First Kid VS Fifth Kid: From Sterilized Pacifiers To "Here, Suck On My Keys."

image credit: Staci Sheets

image credit: Staci Sheets

I have five children. The oldest one is now 21-years-old. I am proud to say she has made it to adulthood. She is mostly productive. She is gainfully employed. She is not a jerk. Like 97% of the time, she is definitely not a jerk.

My youngest child is four. He is also not a jerk. But only like 60% of the time.

The other three are 18-, 16-, and six-years-old. All five of them are good people. Mostly. They can all read, write, spell, and add (probably) two digit numbers. Can they do long division? I don't know. That's why god invented calculators.

I love them and, as best I can tell, they love me.

I'm not saying that I've got this parenting thing nailed, but I am saying that I've done it five times which is worth something. The thing about parenting five kids over the span of more than 20 years is that things change — the Internet becomes a thing, no one watches Barney, people don't go to libraries anymore — but also we change.

The kind of parent you are when your first baby is born is not the parent you will be when your fifth baby is born. This is not to suggest that you will become a better or worse parent necessarily, it is to say that things will be different. Dramatically different. 

On Pregnancy

It starts with pregnancy. The first pregnancy is all what to expect when you're expecting, and weekly trackers and the baby is the size of an olive or an avocado or some other random food.

The fifth pregnancy is more like "What food does my fetus compare to? Probably the 17 stale goldfish crackers I just ate right off the kitchen table."

When you're pregnant for the first time, you can't wait to "look pregnant." You peruse the maternity department as soon as your jeans feel even a bit snug. Like six weeks pregnant. Or thereabouts.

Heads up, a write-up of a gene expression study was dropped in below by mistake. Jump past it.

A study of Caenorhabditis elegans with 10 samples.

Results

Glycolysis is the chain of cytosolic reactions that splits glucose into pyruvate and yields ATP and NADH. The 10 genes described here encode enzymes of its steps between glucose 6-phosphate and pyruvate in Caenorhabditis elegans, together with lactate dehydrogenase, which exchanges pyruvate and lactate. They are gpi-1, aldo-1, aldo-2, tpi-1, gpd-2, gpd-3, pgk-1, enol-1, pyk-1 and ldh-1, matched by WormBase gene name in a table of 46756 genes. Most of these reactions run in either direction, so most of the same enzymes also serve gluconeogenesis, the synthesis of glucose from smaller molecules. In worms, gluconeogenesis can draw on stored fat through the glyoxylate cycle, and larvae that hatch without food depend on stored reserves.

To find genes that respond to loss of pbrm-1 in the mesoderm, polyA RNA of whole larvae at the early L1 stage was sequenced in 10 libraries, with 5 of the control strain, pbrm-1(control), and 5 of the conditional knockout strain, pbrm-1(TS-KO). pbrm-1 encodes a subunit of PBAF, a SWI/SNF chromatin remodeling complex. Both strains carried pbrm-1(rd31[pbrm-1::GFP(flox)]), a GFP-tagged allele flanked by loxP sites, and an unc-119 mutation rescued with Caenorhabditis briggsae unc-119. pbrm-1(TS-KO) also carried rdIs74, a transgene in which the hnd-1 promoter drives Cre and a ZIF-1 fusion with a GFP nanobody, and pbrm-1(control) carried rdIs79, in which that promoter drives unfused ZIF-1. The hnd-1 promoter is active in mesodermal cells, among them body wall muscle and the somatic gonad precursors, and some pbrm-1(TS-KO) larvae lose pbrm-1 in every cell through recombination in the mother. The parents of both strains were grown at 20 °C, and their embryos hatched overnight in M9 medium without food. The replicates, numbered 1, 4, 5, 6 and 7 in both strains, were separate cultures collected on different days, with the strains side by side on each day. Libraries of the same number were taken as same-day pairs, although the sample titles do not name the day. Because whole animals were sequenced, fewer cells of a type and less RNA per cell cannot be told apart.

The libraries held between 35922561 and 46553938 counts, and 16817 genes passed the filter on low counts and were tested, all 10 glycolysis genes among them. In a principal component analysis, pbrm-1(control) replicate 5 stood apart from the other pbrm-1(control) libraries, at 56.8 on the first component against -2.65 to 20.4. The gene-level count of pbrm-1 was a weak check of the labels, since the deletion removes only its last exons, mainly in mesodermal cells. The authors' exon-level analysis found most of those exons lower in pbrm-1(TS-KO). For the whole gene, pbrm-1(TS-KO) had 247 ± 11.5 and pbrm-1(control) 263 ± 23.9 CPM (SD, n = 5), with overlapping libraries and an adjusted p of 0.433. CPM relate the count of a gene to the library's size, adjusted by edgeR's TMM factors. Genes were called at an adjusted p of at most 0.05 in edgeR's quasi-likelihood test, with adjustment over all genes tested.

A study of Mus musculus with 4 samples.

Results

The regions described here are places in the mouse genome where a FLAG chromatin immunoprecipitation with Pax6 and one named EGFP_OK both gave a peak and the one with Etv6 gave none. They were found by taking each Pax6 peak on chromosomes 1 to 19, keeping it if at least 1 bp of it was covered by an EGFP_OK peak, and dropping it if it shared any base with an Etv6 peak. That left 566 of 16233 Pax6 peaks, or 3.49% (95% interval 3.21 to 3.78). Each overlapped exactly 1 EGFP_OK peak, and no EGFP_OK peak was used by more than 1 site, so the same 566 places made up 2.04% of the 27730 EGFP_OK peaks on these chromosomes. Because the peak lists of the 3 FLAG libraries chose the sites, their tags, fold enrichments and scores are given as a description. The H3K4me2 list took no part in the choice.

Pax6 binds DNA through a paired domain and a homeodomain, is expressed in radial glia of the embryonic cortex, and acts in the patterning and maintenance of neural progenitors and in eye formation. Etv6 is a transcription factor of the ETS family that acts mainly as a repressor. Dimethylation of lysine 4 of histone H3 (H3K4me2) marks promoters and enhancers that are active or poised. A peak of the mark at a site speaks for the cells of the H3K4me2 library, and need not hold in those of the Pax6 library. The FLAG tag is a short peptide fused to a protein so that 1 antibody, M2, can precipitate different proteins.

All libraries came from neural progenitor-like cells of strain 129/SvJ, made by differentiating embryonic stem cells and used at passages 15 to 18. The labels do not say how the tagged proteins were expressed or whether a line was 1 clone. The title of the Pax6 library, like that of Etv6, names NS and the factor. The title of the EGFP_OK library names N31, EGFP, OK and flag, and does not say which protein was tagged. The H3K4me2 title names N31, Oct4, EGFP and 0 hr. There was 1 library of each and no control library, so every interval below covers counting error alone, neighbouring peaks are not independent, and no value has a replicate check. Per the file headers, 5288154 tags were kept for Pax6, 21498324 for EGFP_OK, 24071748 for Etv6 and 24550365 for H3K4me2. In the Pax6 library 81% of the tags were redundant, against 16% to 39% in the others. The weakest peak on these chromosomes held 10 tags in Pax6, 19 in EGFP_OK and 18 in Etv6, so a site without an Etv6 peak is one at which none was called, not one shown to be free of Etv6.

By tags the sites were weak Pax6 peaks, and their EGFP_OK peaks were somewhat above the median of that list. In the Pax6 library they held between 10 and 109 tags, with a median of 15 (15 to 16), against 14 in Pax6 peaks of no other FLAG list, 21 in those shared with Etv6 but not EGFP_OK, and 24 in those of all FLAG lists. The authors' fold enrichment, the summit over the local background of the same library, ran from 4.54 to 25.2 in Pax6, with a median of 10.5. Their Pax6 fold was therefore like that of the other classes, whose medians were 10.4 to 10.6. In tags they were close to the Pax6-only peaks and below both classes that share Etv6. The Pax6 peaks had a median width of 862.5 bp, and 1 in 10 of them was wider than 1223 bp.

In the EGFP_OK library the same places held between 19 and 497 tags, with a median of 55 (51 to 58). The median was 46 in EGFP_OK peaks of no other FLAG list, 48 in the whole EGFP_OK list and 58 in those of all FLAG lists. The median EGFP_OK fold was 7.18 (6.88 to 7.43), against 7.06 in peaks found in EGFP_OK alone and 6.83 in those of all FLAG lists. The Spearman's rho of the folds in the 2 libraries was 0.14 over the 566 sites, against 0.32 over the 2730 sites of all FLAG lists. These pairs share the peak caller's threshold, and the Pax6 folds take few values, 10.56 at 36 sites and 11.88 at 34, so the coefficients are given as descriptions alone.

By the fifth time, you're raiding your husband's dresser drawers for flannel PJ pants, but only the ones without a hole in the crotch. Standards. 

Maternity clothes are a waste of money, and you're going to need that cash, because in 18 years, when this kid graduates, college is going to cost one zillion dollars, and also goldfish crackers aren't free. 

On illness. 

If your first child so much as coughs you immediately pull up the pediatrician's phone number. Your fifth child can hack up a lung, as long as they don't puke in the car.

If blood is not coming out of their mouth and/or eyes, the pediatrician can wait. You need that co-pay to buy more magical sleep potion Benadryl. 

On Style

Oh, is "wearing footed sleepers all day" not "style?"

Child number one gets crisp new khakis from the Gap. And loafers. Always loafers. Or corduroy dresses with ruffled bloomers. 

Child five gets child one's khakis. They are going to get holes in the knees eventually either way. The bloomers are stained with the mustard-yellow remnants of a poop-splosion. 

BABIES DON'T EVEN CARE IF THERE IS ACTUAL POOP ON THEIR CLOTHES. Use this to your advantage. The days are short but the years are long. Or something. 

Child one gets ringlet pigtails with pink satin ribbon. 

Child five gets a half gallon of detangler and a prayer.  

On Toys

Child one gets ALL the shiny toys. Bells. Whistles. Computer animation. 

Child five gets a drawer full of gladware and a wooden spoon. But not the cracked one. No one has time to remove splinters from a toddler's tongue. 

On The "Special Moments"

Every moment is a special moment with your first baby. First words. First steps. You record it all. On your phone. On Instagram. You tweet. You journal. In actual paper baby books. 

My fifth child definitely said words. I know this because he now talks all the time. He actually never shuts up. He also walks. Totally independently. 

When did those things happen? Somewhere between six months and two years. Why do you need to know this? 

You don't.

My first child's first word was "ball." So precious. 

When kid five asks me what his first word was, the answer will be "ball." Children two, three, and four will also get the answer "ball." This way I don't have to remember what lie I told to which kid. 

When I was pregnant with my second child, there was no possible circumstance in which I could imagine myself loving anyone more than my first child.

As it turns out, love is sort of exponential. Patience and memory, not so much.